Colombian authorities have arrested Manuel Ranoque, the father of two of the four Indigenous children who survived a plane crash in June. The four siblings were rescued by Colombian soldiers almost 40 days after their plane crashed in the Amazon rainforest on May 1st. While the reason for Ranoque’s arrest was not disclosed, he has previously faced allegations of domestic abuse from the children’s maternal grandfather.
Astrid Eliana Cáceres, director of the Colombian Institute for Family Welfare, stated that they believe the prosecutor’s office has acted within the confines of the law. Ranoque is the father of one-year-old Cristin Neriman Ranoque Mucutuy and four-year-old Tien Noriel Ranoque Mucutuy, as well as the stepfather of 13-year-old Lesly Jacobombaire Mucutuy and nine-year-old Soleiny Jacobombaire Mucutuy. He has been involved in a custody battle for the children.
The children’s grandfather has accused Ranoque of abusing their mother, who was on the plane that crashed and passed away four days later. He claims that the children would often hide in the forest to escape beatings when Ranoque was intoxicated. Reports from earlier in June state that Ranoque’s father-in-law said, “Once, he hit my daughter with a machete. Another time, Lesly hid in the forest with her siblings for three days to protect them from the beatings when [Ranoque] arrived home with alcohol breath and started hitting them without mercy.”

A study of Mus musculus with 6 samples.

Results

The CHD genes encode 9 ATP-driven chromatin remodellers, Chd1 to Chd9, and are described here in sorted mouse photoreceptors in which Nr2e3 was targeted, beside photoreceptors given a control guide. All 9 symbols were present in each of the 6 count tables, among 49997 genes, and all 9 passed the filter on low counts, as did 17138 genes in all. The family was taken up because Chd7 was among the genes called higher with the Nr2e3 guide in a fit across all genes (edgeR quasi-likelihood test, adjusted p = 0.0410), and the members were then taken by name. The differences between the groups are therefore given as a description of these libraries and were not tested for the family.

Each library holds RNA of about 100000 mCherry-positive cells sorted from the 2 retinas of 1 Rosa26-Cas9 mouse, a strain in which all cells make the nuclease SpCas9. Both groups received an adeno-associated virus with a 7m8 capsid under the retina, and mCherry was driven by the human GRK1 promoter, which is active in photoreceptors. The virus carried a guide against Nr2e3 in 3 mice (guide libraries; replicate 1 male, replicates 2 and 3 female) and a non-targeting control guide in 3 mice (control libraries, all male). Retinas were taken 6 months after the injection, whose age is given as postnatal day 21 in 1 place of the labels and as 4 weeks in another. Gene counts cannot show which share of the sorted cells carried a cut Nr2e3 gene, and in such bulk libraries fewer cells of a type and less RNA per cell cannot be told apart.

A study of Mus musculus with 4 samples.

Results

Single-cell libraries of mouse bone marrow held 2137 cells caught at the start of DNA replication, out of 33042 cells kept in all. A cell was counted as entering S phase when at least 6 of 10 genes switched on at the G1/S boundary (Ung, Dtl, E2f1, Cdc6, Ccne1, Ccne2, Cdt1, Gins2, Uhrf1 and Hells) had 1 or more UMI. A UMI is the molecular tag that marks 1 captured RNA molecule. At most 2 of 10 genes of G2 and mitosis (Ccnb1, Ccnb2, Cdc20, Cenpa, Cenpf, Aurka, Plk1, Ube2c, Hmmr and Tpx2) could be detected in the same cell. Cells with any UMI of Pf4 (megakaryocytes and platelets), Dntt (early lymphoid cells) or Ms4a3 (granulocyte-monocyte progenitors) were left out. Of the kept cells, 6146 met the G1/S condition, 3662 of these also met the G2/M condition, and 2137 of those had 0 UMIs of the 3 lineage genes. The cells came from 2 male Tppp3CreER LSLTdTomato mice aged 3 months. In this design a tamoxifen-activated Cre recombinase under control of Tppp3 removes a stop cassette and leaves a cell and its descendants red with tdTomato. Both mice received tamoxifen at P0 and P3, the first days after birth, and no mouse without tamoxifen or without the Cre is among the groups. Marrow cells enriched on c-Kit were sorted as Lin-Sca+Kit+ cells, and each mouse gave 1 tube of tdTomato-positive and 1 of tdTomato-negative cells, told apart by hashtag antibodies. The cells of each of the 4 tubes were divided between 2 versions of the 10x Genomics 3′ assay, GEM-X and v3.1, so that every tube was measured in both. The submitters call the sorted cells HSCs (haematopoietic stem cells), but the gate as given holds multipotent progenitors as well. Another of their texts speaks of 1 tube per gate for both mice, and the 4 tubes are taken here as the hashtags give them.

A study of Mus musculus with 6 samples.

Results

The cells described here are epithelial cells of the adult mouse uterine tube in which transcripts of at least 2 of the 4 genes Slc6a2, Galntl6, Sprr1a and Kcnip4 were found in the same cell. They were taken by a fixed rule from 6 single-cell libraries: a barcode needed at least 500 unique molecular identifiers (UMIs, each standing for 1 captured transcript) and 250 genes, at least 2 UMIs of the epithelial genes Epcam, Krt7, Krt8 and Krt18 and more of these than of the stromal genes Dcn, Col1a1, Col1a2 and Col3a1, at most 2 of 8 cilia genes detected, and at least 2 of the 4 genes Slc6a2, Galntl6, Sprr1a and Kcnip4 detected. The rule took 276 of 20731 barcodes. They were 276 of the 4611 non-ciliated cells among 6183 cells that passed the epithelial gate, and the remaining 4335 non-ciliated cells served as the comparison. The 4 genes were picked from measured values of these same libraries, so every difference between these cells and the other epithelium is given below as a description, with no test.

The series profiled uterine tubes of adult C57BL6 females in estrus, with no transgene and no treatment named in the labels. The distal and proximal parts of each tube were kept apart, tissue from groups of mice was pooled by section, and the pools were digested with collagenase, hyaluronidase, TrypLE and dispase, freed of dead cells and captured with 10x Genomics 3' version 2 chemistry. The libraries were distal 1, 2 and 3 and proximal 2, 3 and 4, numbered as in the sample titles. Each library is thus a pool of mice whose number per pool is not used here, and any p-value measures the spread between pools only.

Although Ranoque acknowledged that there were some issues at home before his arrest, he considered them to be private matters. When asked if he had assaulted his wife, he responded, “Verbally all of a sudden, yes. Physically, very little, because we did more fight of words.”
The four siblings have been under the custody of Colombia’s child protection agency since leaving the hospital. They were traveling with their mother in a Cessna 206 plane to meet Ranoque in Bogotá when the crash occurred near the Guaviare province. Their mother and the pilot died in the accident.
According to El Tiempo, Ranoque, who is related to a local political leader, had to flee his community on foot due to threats from criminal groups in the area. He made his way through the jungle and eventually arrived in Bogotá. He found a job and saved money for a month and a half to bring his family from their remote community to the capital.
The 40-day search for the children captured the attention of Colombia after it was discovered that they had survived the crash. The plane was found two weeks later in the rainforest, and while the remains of the adults on board were located, the children were not. The children managed to survive by eating cassava flour, seeds, and fruits they found in the rainforest, as they belonged to the Huitoto Indigenous group.
Rescuers used helicopters to drop food supplies and planes to illuminate the ground at night with flares. They also played a recorded message from the children’s grandmother, urging them to stay in one place. On June 9th, the children were finally found and transported to Bogotá and then to a military hospital.